Headmaster asks teachers to promise not to have gay sex or show gender non-conforming behavior, even in private
In order to make Christian examples out of its staff both on and off campus, an international school in Hong Kong has asked them to endorse ethical codes that allegedly give it the right to fire or even sue violators.
The International Christian School’s draconian policy against gays and trans peoples is uncovered today (24 Jan) after local newspaper Ming Pao received complaints about the private institute from readers.
Gay Star News understands that LGBTI activists will be protesting outside the school that teaches about 1000 students from kindergarten through to high school with broad-based North American curriculum.
ICS Headmaster John Nelson gave his staff a declaration titled ‘Standards of Biblical Ethics and Integrity’ to sign last year, according to Ming Pao.
In a list of ‘activities and choices that may be subject to discipline, up to and including termination of service, and/or legal action,’ there is one bullet point for ‘unethical’ sexualities.
‘Engaging in any form of homosexuality, fornication, transvestitism, bestiality, alternative gender identity, pornographic addiction, or any other sexual behavior that violates biblical purity or the marriage covenant between man and woman,’ it reads.
Gay lawmaker Ray Chan Chi-chuen slams ICS for discriminating against people of different sexual orientations in the name of religion.
He finds it an insult to gays for homosexuality to be listed together with bestiality, and also laments the inability of existing laws to deal with this case.
The Equal Opportunities Commission has been fighting to outlaw discrimination based on sexual orientation, but the government has not even started relevant public consultation.
Trans people are protected – but it is for having the ‘disability’ of gender identity disorder – by the city’s Disability Discrimination Ordinance.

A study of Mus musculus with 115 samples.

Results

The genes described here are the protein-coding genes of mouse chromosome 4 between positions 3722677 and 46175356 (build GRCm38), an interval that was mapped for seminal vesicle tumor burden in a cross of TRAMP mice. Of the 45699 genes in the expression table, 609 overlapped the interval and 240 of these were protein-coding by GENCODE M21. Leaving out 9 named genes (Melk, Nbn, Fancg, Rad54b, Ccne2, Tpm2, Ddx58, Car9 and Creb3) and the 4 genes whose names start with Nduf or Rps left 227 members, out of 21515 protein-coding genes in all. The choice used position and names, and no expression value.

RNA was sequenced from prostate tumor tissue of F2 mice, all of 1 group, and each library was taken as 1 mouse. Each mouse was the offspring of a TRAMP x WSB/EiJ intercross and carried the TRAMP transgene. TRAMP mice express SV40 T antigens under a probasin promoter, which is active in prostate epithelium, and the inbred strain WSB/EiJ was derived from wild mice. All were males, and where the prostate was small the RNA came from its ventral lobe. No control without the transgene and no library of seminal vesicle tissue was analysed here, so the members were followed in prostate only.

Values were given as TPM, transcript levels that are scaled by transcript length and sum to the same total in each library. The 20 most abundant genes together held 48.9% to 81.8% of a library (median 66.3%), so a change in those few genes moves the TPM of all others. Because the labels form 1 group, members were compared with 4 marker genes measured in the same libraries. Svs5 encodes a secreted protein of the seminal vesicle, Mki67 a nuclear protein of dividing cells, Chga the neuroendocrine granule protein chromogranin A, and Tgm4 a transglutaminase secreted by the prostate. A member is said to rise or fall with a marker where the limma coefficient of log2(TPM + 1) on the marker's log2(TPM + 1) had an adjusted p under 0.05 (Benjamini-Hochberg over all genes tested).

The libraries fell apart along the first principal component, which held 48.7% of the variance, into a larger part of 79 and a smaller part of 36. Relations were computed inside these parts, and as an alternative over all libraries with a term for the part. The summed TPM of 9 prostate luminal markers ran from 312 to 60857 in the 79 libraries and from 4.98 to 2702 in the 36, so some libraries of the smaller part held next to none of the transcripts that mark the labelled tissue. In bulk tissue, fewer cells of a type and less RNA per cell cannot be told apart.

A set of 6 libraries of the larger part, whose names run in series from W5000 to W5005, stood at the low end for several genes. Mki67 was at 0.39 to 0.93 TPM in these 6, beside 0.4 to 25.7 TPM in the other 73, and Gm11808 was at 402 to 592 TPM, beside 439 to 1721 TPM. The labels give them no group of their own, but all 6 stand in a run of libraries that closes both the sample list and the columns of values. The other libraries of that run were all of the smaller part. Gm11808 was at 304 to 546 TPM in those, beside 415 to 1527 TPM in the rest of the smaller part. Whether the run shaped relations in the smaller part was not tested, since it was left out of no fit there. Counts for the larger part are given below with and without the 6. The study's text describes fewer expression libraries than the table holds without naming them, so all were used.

The Education Bureau hasn’t addressed Gay Star News’ question about whether the ethics declaration is permissible, but states that it is in principle against discriminatory policies at schools and will look into the case.
Chong Yiu-kwong, an adjunct professor for law at Shue Yan University, tells Ming Pao it is indeed in the bureau’s power to revoke a mismanaged school’s license.
Chong also says there was once a case in the UK where an expelled gay soldier defeated the Ministry of Defense by arguing it discriminated against his lover’s gender.
Should ICS fire any gay teacher, the teacher may well file gender discrimination litigation in the same way, he notes.
Other local Christian school groups appear to be more accepting of LGBTI staff than ICS, which was founded in 1991 by six missionary agencies and three independent members.
The Catholic Church says its schools do not ask about sexual orientation during job interviews and will not sack anyone for being gay. The Hong Kong Anglican Church also says it stays out of teachers’ ‘personal preferences.’
ICS, which is hiring teachers for Math, Art and English, cannot be immediately reached for comment today.